IBM must be rubbing its hands in glee.
Oracle’s proposed $7.4 billion purchase of Sun Microsystems may have hit yet another snag, giving Big Blue still more time to continue picking apart Sun’s once-unswervingly loyal customer base.
The latest bump in the road comes from the European Commission (EC), which currently has one more day to approve or delay the proposed merger but which now could be leaning toward a delay, according to a Reuters report.
Citing two sources familiar with the situation, Reuters said that the EC’s antitrust concern centers around Oracle getting its hands on Sun’s MySQL database. U.S. antitrust officials, who earlier signed off on the deal, made no such concerns about MySQL.
If the commission decides to open an in-depth investigation of the matter, such a review could take as long as four months, according to commission rules.
This is absolutely the last thing Sun (NASDAQ: JAVA) needs as it loses talent and customers. IBM, HP and Dell are all pulling away customers with both hands, as fast as they can. IBM in particular has been quite aggressive in stealing Sun customers, and claiming that Sun customers and ISVs are approaching it for help jumping ship.
“This is painful to watch,” said Nathan Brookwood, a research fellow with Insight 64. “It is a shame. Every day that this thing gets delayed is another day for the aggressive sales forces from IBM, Dell and HP to pry away another Sun hardware customer, and it’s truly tragic.”
The report comes on the heels of a slower-than-hoped approval by the U.S. Department of Justice. The companies had hope that getting DoJ approval would be a relatively speedy affair but the new DoJ cast a close eye on everything.
Worries about DoJ scrutiny had already scuttled merger talks between Sun and IBM earlier this year: According to reports, IBM had been concerned about facing an antitrust fight in connection with the merger and wouldn’t give Sun assurances that it would stick it out.
Now, in addition to seeing customers and talent being plucked by rivals as it waits for European antitrust officials to clear the deal, Sun is also seeing its bottom line taking a hit. For the second quarter, the company reported a $147 million loss, or 20 cents per share, as sales fell 31 percent year-over-year to $2.63 billion.
Hardware sales are taking it particularly hard, and that’s Sun’s bread and butter. In its most recent estimates, industry analyst firm IDC put Sun’s Q2 server sales at $981 million while Gartner put the figure at $1.04 billion. That’s a steep drop off from the days of averaging around $3 billion in revenue per quarter.
Meanwhile, Sun can’t say a word as the acquired party, and Oracle — whose spokespeople didn’t return requests for comment by press time — has said very little.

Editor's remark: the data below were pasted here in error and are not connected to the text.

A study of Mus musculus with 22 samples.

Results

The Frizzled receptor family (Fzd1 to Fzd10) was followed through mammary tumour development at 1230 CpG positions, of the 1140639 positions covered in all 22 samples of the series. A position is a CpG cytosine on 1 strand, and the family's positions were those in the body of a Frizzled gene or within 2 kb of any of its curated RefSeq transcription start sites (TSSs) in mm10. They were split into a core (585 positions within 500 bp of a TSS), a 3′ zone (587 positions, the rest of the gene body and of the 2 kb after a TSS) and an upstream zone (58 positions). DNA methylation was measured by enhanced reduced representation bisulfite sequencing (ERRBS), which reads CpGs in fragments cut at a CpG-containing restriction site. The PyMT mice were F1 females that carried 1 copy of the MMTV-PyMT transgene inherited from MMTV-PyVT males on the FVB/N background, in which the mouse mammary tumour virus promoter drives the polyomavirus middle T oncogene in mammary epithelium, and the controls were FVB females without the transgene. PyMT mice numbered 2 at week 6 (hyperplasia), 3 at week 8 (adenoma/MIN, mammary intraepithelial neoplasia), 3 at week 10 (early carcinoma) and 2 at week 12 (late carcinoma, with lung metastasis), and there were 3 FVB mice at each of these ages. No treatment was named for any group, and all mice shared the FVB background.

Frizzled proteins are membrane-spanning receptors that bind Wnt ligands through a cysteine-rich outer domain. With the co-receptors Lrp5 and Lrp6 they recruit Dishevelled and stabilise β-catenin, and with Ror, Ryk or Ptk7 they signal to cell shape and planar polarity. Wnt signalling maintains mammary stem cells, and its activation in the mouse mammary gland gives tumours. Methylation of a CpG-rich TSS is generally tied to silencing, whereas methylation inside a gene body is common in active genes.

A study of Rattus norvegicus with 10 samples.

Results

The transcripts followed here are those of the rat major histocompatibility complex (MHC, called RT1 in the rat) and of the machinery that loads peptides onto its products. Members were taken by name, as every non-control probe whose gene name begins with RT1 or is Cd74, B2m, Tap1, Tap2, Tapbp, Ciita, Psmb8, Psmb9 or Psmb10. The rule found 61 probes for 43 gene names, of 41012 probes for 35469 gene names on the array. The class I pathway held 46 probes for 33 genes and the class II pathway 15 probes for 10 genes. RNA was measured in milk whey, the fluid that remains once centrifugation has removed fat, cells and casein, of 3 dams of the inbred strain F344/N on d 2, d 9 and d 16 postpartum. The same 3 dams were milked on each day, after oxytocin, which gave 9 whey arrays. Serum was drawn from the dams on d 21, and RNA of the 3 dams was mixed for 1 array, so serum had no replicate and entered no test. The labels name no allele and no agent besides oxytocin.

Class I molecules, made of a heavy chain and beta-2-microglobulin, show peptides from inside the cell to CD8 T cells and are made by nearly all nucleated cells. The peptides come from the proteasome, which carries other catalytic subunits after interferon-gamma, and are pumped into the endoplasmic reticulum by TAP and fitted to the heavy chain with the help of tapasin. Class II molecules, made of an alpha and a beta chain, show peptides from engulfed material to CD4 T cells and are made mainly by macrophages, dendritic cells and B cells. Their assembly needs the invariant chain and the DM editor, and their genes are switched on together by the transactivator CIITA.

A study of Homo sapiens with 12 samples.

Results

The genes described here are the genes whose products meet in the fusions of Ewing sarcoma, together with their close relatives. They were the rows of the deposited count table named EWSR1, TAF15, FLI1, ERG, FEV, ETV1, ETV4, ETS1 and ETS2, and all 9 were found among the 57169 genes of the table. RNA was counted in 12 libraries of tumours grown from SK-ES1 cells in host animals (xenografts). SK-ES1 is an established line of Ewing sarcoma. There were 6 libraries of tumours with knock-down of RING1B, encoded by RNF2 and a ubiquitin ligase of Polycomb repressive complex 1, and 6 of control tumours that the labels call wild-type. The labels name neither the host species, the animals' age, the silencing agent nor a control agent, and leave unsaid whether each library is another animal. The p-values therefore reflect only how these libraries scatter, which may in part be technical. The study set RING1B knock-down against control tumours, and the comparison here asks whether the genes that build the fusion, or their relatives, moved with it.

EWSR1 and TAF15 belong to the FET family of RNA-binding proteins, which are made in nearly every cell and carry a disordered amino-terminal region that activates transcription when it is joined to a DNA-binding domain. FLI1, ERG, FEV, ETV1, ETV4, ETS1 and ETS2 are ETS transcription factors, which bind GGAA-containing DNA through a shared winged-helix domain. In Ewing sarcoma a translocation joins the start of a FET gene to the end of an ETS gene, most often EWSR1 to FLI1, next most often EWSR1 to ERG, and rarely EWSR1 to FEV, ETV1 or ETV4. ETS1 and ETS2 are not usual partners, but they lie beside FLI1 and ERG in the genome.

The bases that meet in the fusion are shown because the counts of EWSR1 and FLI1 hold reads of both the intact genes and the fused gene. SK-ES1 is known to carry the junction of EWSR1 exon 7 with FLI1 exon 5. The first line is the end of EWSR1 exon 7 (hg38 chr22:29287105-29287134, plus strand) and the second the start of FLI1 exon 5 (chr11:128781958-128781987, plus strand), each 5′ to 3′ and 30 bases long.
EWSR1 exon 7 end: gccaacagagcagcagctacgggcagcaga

Oracle has insisted it will maintain the hardware business, but Fortune recently ran a story saying Oracle wanted to shunt off the hardware business to HP — a report that isn’t likely to do much to retain customers or create certainty in their minds.
“I would think to be inside the walls at Sun right now is nightmare, because you don’t have any direction. I gather other prospects wouldn’t want to touch them right now,” Josh Farina, analyst at Technology Business Research, told InternetNews.com. “I would guess morale has got to be terrible because they don’t know what’s happening, and from a customer standpoint, there’s no clear sign of what’s going to happen.”
He added that Sun executives aren’t focused on long-term direction anymore since they are no longer in control of the company, and pointed out that it’s widely discussed that CEO Jonathan Schwartz will get a year’s salary as severance when the deal closes.
“There’s very little guidance from the top,” Farina said.
Insight 64’s Brookwood agreed that the likely reason for the EU’s delay had been around MySQL. But he said that for so small a piece of the pie — MySQL accounts for around $300 million in business while Oracle is a $25 billion company — European regulators’ concerns would be overblown.
“That’s a small portion of the acquisition but it is killing the hardware portion,” he said.
Brookwood added that he’s now starting to doubt Oracle will be able to save Sun’s hardware business.
“ISVs were more than willing to work with Sun because they saw Sun as a neutral hardware platform,” he said. “But when the Sun platform becomes part of Oracle, and Oracle has a reputation for acquiring companies and replacing the products with Oracle products, then ISVs get nervous. You don’t need to be a rocket scientist to figure that out.”
But Farina, at Technology Business Research, said he thinks something might be salvageable.
“If they can still close the acquisition and at least maintain whatever customers they have, they still get a good revenue stream off maintenance services, which gives them good margin,” he said. “If they can maintain that and get some concrete direction on that part of the business for the future, they have the potential to maybe break even on the hardware and get that services business, which is pretty attractive to pick up.”